I don't even know where to start! Our trip to Morocco was absolutely fantastic - worth every penny! I just want to start by saying that I am so thankful that I have this opportunity to travel the world and learn about new cultures. I have not taken one second of this experience for granted and I am making the most out of every opportunity that comes my way. Natalie, Teresa, and I had the time of our lives in Morocco and walked away from the trip with a new outlook on life.
We left late Friday afternoon for Algeciras to board the ferry to Ceuta where would spend the night. We were surprised to find that our group was not comprised of only study abroad students. There were several couples and groups of friends from Spain, Holland, and the United States who were also traveling to Morocco with us.
A little bit of background history, Morocco only gained its independence in 1956. It had previously been controlled by Spain and France. For this reason, many of the people are multilingual. I spoke Spanish the entire trip and had no issues communication. It was interesting to see the influence of the European countries in a region that is so connected to the Islamic faith.
We got to Ceuta late in the evening, had dinner, and went straight to sleep! We woke up the next morning and walked to the beach behind our hotel. I can now say that I have been in the Mediterranean Ocean! Not only that, but I now also have a small collection of sea glass from the Mediterranean coast! Very exciting!
|Here I am in the Mediterranean Ocean!|
We departed the hotel early and left for Tetuan, which was only about 12 km away. This part of Northern Morocco is breathtaking - even in the rain. The Northern Rif Mountains are incredible. Our tour guide led us through the narrow streets of Tetuan. The streets are lined with vendors selling all types of produce, eggs, clothing, and other goods. There were plenty of people out, despite the torrential downpours!
|Typical street in Tetuan|
|Street vendor with fresh produce|
Oh, and this is where we stopped to take a break!! At one time, this was someone's home - but it is currently being used as a restaurant.
After the break, our guide took is to a local chemist/pharmacist. Many of the people in Morocco still believe in holistic treatments. The pharmacy walls where lined with shelves with jar after jar of spices, herbs, flowers, etc. The pharmacist was wonderful and spent a considerable amount of time explaining the use of each item and walked around so we could all smell them.
After, we had a traditional Moroccan lunch. What wonderful food!!!!
Following lunch, we boarded the bus for a short drive to Tangier. On the way we stopped to see the location that divides the Atlantic Ocean from the Mediterranean Sea. This yellow light house is said to be the marker.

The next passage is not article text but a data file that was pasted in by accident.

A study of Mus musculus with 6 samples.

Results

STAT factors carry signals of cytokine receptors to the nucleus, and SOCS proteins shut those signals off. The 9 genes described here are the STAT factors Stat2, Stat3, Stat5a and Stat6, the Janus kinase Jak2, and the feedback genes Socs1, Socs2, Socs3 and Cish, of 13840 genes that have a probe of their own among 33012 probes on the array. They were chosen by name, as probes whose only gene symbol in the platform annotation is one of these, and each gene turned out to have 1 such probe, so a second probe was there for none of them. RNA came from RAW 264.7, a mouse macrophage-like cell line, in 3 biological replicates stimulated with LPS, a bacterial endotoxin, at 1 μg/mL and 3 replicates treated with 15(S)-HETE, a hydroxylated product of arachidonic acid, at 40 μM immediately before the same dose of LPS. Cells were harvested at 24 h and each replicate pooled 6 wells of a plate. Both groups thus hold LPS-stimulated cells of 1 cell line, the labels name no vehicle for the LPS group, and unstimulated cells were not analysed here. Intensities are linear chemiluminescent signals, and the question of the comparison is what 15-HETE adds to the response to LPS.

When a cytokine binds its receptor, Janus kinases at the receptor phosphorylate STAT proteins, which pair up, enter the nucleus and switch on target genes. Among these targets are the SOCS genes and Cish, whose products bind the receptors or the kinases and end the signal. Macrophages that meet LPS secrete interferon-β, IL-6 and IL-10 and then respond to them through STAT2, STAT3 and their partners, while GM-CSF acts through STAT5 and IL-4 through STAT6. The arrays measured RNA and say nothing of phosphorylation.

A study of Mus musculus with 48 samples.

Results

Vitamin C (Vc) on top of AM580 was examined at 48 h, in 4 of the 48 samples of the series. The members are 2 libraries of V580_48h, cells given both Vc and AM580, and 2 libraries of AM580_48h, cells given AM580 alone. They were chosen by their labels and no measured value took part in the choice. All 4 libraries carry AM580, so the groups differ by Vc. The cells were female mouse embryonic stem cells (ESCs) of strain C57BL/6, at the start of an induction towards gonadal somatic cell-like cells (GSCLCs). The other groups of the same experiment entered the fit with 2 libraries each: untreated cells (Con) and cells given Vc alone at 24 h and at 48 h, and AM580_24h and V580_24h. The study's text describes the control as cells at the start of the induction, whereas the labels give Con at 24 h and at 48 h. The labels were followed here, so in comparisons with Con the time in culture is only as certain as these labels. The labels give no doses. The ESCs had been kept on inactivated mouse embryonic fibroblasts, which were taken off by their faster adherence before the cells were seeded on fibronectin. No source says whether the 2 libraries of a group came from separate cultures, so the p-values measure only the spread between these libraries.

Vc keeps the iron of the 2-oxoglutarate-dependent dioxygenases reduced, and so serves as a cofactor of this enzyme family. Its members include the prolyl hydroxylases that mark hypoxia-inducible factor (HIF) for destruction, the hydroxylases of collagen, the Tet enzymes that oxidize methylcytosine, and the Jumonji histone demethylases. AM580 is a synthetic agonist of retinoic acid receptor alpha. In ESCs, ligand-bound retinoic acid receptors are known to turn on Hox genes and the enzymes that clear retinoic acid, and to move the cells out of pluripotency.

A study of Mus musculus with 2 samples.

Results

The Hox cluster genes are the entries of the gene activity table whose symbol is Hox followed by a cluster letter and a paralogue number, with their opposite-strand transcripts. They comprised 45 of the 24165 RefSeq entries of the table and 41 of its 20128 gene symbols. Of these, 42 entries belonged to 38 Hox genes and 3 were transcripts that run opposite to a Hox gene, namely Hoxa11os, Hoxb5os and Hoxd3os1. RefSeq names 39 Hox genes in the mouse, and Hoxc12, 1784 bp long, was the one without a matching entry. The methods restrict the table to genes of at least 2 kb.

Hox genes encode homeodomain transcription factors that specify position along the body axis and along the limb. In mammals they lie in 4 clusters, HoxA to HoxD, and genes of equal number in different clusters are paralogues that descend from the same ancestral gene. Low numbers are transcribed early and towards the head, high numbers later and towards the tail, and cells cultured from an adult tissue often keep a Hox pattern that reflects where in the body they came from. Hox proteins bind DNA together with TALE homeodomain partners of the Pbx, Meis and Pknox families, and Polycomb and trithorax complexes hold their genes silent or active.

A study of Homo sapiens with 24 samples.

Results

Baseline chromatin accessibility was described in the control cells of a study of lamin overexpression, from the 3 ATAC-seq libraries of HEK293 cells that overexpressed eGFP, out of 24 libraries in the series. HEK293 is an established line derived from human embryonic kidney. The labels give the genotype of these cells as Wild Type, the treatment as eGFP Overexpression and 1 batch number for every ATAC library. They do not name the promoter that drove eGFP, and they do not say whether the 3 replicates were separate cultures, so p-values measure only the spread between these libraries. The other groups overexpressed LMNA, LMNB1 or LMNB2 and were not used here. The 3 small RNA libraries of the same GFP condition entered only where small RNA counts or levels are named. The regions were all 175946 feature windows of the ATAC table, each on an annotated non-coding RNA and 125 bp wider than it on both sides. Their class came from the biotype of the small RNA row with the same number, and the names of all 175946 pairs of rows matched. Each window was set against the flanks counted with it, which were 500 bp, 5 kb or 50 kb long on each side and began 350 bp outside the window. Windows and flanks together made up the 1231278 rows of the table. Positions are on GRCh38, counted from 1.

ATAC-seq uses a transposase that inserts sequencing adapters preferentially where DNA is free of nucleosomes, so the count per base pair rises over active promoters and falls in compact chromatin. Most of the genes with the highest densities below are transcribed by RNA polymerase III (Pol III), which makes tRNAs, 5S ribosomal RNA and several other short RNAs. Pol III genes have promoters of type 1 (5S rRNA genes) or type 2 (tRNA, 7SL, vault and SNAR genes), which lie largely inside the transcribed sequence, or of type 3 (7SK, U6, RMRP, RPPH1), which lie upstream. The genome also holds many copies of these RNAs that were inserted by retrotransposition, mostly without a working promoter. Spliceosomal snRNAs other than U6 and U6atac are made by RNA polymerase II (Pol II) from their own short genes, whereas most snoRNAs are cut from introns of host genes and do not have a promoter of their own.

We also stopped at The Caves of Hercules. I have to be honest, none of us knew anything about these caves and I had to do a Google search to learn more. To this day, nobody knows who carved out the caves, or why or how, but they are said to be the resting place of Hercules after his 12 Labors. For those who don't know the story of Hercules, the legend goes that after he killed his son in a fit of rage, he was required to complete 12 almost impossible tasks as a punishment. The caves are stunning and we got there at the perfect time. When the tide comes in, the water gushes up through the enormous holes. So cool!
Our final stop was on the side of the road. It was here that we got to ride the camels!!!!
Eventually, we got to the heart of Tangiers and our guide gave us about an hour to walk the streets and shop. I didn't see anything in particular that caught my eye, but the other girls got some good deals after bargaining a bit!
The next morning we woke up VERY early to depart for Chechuan, a city in the heart of the Northern Rif Mountain range. We had a wonderful tour guide who was absolutely hysterical and led us through the beautiful streets of the city. You will notice that most of the houses here are painted blue as the color is said to repel mosquitoes. Along the tour we stopped to see a local bread maker and a shop that makes hand woven rugs. I made a few purchases here, the items were too beautiful to pass up. Before lunch we had about 45 minutes or so to shop some more - everything is set up like a flea market.
Lunch was held in a traditional, very rustic, Moroccan restaurant. Once again, we had AMAZING food!!!
After lunch, we headed back to ferry to depart for Spain. Aside from the history, culture, and wonderful food, one of the highlights of the trip was the opportunity to spend time with some wonderful people. We had lunch with a woman from Mallaga who is a teacher and one of her students, Brian, who was born and raised in Senegal. We also met a wonderful couple who are American citizens but are of Iranian decent. They now live in Los Angeles (with pretty impressive jobs!). The woman had pretty much adopted Teresa as her child the whole trip. They were such wonderful people and we had great conversation. We also spent some time with 3 couples from Jerez. They taught us some Spanish "play on words" and practiced their English a bit with us.
We all walked away from this trip completely changed. People are people, no matter where they are from. It really isn't fair to associate someone with their country of origin. We hate it when people here find out we are American and all they want to talk about is Obama. We have been very careful not to judge others solely on their home country. As people, we all want the same basic things in life.
Now that we are back home, we have most of the week off from school and plan on spending our time at the beach, studying. What a life! On Friday we leave for Granada with Carmen for an API sponsored trip!